Regarded as the premier breeding ground for the country's next generation of motorsport superstars, the class has seen a sharp decline in numbers, compared to previous seasons.
So, why is this so? State level entries, particularly in Victoria, are huge, the level of professional teams entering is also as strong as it has ever been, and the calendar is arguably one of the best ever produced.
Long-time Formula Ford team owner Michael Ritter told Speedcafe.com's Grant Rowley that the lack of numbers is only a short-term problem …
SPEEDCAFE: There's been a sharp decline in competitor numbers in the national Formula Ford Championship, compared to recent years. What do you think are the reasons for this?
MICHAEL RITTER: The Grand Prix had almost 20, but certainly in Tasmania and this weekend at Phillip Island, it's less than ideal, but it's not a crisis.
While the actual total numbers aren't there, the level and the intensity at the front of the field is every bit as competitive and strong as it has ever been.
SPEEDCAFE: In terms of the shear numbers, can it be contributed to the economic situation, or does it go beyond that?
RITTER: There's a few elements to it, and the economy is definitely one. I don't see people who have looked at Formula Ford and gone to race elsewhere. That hasn't happened. For sure, the economy is hurting us.
What you have to look at is that the entries that are there are all essentially ‘team' cars. There are no privateer guys who are there full-time, or even part-time, to boost the numbers at national series rounds.
The category's initiative of the Chairman's Cup has the best intentions. (CLICK HERE for Speedcafe.com's past story on the details of the Chairman's Cup).
The Chairman's Cup makes the step up from state to national level more attractive for guys who aren't capable of running the entire championship. It's early days for it, but hopefully that will pay dividends as far as numbers go.
SPEEDCAFE: We saw a reasonable grid at the Grand Prix meeting, but small numbers for Symmons Plains and Phillip Island. Do you think that numbers will increase when we head to some of the category's marquee events, like Townsville and Bathurst?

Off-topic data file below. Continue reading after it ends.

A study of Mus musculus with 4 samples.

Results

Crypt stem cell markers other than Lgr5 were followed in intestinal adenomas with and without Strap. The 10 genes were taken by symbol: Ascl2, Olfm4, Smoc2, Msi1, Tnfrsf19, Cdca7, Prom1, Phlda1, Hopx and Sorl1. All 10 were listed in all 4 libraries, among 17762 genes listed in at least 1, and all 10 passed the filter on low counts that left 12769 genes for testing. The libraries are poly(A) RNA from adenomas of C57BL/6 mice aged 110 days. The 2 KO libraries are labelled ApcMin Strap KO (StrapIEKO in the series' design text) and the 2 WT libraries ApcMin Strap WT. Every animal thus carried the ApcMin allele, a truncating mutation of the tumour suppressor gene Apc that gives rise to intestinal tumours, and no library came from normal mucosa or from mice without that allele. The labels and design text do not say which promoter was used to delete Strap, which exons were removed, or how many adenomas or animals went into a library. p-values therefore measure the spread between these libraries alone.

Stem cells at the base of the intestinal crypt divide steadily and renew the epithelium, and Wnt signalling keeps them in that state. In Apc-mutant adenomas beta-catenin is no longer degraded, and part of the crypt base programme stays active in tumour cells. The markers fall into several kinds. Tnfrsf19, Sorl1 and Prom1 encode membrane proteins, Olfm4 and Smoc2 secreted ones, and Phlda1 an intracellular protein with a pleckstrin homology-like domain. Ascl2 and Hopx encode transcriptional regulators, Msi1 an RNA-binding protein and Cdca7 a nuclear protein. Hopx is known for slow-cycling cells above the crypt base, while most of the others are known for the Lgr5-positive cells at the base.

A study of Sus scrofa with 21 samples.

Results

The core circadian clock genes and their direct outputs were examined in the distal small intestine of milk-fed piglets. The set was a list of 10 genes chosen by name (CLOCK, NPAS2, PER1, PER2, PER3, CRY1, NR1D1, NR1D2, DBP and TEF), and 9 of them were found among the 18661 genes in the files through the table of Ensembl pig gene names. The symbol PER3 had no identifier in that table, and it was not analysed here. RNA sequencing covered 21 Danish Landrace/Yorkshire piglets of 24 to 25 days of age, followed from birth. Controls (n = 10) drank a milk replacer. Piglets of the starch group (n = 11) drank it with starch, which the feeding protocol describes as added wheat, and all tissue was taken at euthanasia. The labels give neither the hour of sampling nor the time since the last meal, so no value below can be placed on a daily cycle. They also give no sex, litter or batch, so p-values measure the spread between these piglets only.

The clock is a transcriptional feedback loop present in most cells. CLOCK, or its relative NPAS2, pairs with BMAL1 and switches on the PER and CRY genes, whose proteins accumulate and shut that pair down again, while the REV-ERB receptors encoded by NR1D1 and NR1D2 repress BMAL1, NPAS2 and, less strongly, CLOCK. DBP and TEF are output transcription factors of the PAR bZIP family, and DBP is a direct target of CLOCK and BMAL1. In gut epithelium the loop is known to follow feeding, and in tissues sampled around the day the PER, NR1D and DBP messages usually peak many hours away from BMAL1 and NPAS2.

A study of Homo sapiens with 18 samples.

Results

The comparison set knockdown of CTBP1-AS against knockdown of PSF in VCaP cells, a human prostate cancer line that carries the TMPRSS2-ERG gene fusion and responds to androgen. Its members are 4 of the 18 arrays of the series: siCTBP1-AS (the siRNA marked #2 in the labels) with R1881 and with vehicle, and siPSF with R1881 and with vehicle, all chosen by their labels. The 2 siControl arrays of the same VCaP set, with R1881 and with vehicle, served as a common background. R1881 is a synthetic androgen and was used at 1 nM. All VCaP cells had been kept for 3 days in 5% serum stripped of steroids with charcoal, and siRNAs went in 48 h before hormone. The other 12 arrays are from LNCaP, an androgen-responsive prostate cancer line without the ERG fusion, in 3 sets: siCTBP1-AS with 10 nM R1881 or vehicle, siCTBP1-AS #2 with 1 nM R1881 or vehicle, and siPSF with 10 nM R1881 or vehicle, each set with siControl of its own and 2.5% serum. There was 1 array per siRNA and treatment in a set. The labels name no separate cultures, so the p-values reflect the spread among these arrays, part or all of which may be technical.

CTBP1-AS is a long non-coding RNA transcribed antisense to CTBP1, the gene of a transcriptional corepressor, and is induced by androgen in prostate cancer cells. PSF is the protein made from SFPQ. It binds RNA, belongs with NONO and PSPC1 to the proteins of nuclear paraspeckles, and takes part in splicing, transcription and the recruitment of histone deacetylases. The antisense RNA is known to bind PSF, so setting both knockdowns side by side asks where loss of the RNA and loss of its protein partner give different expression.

RITTER: For sure, you'll see some of those privateers race at those major events during the year. Undoubtably, those events are an attraction, due to the event and its level of coverage.
SPEEDCAFE: Traditionally, if the national championship is low on numbers, state racing is booming. This year, nearly 40 entrants have entered the first two rounds of the Victorian Series at Winton and Phillip Island. Do you see next year's national numbers increasing with some of those state guys stepping up?
RITTER: I wouldn't question that at all. Looking at it that way, we're in a bit of a transient situation at the moment. Last year in the national series, we had a lot of guys who were in their second or third year of national competition and looking to move on.
This year is state we've had a massive influx of young karting talent – far more than we've seen in one year. And they are really young, some of them 14, making that transition from karting to Formula Ford. They are at that point where they are juggling their state racing with school commitments, and also gaining experience. Some of them feel they need that state experience before making the step up, and rightly so.
Speaking from my team's perspective, we have Anton (De Pasquale) making his national debut this round, and one of our other drivers Luke Marquis will be making his transition soon.
With a few more of those guys making the step up, soon you'll have the numbers go up quite significantly.
SPEEDCAFE: You mentioned before about the lack privateers in the class. Are the days over of those type of entries being able to compete at the national level against the likes of Sonic, Borland, Minda and Synergy?
RITTER: It's tough, and depending on their level of experience, it's going to be a big call for a privateer to come along and win races or finish on the podium.
A good example of someone taking that approach was Cameron Waters. They were running their own family outfit, preparing it and transporting it, with a small arrangement with my team to provide them with technical support and assistance. It worked very well for them in his time in state racing. It gave Cameron a good bunch of experience, without the outlay of doing a full program with a professional team. When it came time to make the step up, he joined us and in his first full year won the championship.
History shows that it can be done. It's a more cost effective way to do it, if your circumstances allow for it.
SPEEDCAFE: Despite the small numbers, this year's national championship is very competitive, with the four drivers at the top of the table all genuine race winners, and all from different teams …
RITTER: Absolutely. They are all very experienced too. They are all third year Formula Ford drivers and they are all competitive young guys, fighting it out, which is only for the benefit of their future careers.
And they are all good drivers. I would be highly surprised if at least one of them doesn't go on, and history shows they will. If you're good enough to win a Formula Ford championship, you've got a pretty solid and sound base to work from.